The film begins with a group of men secretly coming together to count a large sum of money. This meeting is soon interrupted by a knock on the door from a pair of amateur crooks with loaded guns demanding all the money be handed over. The robbery ends with gunfire and blood, and the pair of crooks escape with all the stolen money to lay low in the city.
Soon, a pair of New York cops are hot on the case. Captain Mattelli (Anthony Quinn) and Lieutenant Pope (Yaphet Kotto) are an unlikely duo as both have different personalities and work methods. But as they investigate, their paths and findings continue to cross over. Soon, these two cops learn that the crooks are trying to rip off the Mafia, which could start a gang war on the streets. The question is, who will find the criminals with the stolen cash first? The police officers or the Mafia who have a thirst for revenge?
Across 110th Street is best described as a drama story with gangs and criminal activity. We see the film through various characters and angles, including the cops, the Mafia and the criminals attempting to stay alive with their ultimate cash score. The majority of the characters are exciting and interesting, including the two leading officers. We learn quickly that Captain Mattelli (Anthony Quinn) and Lieutenant Pope (Yaphet Kotto) have different opinions and methods. Most times, the two don’t agree or see eye to eye, which causes tension and friction. One thing the two do share is the case, and the film asks whether these two can put aside their differences and crack the case to prevent war. Meanwhile, the Mafia is violent and brutal and has one objective: to get their money back, gladly killing and murdering anyone who stands in their way.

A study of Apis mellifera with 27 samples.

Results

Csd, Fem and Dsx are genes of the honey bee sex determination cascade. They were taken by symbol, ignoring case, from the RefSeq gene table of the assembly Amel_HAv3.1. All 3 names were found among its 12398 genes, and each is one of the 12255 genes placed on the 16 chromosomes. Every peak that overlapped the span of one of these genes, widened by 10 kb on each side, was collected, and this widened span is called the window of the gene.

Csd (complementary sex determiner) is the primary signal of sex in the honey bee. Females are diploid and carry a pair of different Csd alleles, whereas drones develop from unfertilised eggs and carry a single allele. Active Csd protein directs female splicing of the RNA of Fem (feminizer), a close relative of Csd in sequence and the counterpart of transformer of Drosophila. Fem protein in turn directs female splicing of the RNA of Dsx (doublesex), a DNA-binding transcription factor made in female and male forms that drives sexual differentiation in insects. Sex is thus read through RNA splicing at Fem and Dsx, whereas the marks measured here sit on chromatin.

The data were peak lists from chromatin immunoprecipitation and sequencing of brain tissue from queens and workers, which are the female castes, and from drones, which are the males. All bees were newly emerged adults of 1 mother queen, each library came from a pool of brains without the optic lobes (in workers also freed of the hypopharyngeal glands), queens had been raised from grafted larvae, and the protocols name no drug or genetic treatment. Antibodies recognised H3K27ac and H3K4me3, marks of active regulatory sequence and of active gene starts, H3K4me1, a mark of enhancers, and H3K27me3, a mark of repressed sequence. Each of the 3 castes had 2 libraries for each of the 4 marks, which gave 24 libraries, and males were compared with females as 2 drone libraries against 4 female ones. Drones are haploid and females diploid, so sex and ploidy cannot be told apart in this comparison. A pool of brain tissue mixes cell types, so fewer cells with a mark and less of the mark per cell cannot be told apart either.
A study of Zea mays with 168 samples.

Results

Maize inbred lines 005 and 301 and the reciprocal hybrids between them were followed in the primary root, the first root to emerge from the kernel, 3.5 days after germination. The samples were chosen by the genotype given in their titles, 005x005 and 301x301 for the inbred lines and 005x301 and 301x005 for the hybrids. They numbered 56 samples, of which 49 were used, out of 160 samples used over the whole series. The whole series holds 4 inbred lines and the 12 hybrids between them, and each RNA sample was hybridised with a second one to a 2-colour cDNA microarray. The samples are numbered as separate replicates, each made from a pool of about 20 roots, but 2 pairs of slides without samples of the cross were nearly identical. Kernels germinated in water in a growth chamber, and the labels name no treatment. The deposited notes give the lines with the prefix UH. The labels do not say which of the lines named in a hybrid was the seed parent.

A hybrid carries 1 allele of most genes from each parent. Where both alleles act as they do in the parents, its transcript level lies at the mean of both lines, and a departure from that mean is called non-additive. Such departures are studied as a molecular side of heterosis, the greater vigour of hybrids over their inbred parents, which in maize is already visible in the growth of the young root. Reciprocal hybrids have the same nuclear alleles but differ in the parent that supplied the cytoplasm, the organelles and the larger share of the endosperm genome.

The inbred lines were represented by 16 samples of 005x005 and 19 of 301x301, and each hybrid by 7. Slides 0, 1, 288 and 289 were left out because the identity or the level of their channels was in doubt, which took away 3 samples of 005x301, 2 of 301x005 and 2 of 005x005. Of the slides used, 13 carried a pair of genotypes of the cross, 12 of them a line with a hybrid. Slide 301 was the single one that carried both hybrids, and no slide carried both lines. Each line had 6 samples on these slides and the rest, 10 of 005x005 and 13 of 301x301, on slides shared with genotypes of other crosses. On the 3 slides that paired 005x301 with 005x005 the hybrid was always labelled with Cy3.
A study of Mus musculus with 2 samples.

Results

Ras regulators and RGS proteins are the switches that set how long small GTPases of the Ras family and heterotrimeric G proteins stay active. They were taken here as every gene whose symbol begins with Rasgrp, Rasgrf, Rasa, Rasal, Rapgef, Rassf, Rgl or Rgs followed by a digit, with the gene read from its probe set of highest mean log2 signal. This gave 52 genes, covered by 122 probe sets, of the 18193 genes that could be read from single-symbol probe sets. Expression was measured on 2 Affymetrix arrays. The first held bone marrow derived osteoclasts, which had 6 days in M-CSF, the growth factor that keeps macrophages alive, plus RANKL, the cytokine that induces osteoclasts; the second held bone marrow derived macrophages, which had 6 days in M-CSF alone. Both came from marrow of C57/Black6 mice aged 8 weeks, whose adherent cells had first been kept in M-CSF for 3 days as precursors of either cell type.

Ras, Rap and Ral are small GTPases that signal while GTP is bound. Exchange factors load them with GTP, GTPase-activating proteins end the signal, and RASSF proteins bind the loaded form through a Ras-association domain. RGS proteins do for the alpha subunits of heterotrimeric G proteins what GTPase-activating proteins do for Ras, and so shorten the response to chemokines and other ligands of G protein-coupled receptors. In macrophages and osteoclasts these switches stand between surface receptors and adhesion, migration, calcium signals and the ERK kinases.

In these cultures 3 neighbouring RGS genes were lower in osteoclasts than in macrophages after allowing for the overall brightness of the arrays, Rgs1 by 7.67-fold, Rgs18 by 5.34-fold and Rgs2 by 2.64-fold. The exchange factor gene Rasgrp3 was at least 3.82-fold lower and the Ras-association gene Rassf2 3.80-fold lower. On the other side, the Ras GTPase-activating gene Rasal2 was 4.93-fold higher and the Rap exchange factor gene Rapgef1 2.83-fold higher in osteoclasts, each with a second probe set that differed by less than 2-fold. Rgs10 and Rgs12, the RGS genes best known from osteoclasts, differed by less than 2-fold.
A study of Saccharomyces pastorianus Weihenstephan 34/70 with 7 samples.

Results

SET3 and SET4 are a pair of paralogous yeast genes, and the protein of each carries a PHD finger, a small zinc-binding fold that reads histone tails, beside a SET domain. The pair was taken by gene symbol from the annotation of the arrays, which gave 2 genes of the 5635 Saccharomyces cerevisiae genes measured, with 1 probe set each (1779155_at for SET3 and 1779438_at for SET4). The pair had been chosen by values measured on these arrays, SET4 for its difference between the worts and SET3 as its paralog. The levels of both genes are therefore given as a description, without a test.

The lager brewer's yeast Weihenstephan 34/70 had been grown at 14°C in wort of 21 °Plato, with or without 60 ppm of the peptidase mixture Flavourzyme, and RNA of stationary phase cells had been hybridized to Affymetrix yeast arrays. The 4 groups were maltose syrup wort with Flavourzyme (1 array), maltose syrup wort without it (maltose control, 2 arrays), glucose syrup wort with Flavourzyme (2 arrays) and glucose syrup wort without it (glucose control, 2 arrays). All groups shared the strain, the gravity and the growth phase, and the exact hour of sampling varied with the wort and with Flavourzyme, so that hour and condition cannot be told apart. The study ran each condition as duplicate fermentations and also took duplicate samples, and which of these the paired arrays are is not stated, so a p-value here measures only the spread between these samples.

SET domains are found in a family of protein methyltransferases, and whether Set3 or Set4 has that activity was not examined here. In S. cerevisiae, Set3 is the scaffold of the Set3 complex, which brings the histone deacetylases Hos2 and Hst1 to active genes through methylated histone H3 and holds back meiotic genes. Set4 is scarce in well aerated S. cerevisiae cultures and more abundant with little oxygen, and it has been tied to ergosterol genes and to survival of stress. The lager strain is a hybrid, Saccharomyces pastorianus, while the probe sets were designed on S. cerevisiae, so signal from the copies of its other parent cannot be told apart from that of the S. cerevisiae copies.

Pacing, for the most part, is great. It is enjoyable seeing the various angles of the story and the different characters. But the plot has a process that feels somewhat repetitive as the film moves forward. This is particularly evident when the Mafia asks questions, ending the questions with violence or a brutal death, and their next step to finding the cash. I found the film’s heavy dialogue more impressive to experience than the violence. There were many tense moments, such as the interrogation scenes. If you enjoy films that feel real, raw and brutal, look no further.
Overall, this is an engaging crime story with many brutal moments and unexpected outcomes. The performances here are generally solid, but the dialogue is more impressive, feeling authentic and tense. I enjoyed the concept of how one bad crime can have a major ripple effect and disastrous consequences within a large city, especially if the two leading police officers fail to catch and stop the criminals. It’s a fascinating classic, and I feel it’s worth a look, even if it doesn’t warrant repeated viewings once you know the outcomes of all the different characters within the story.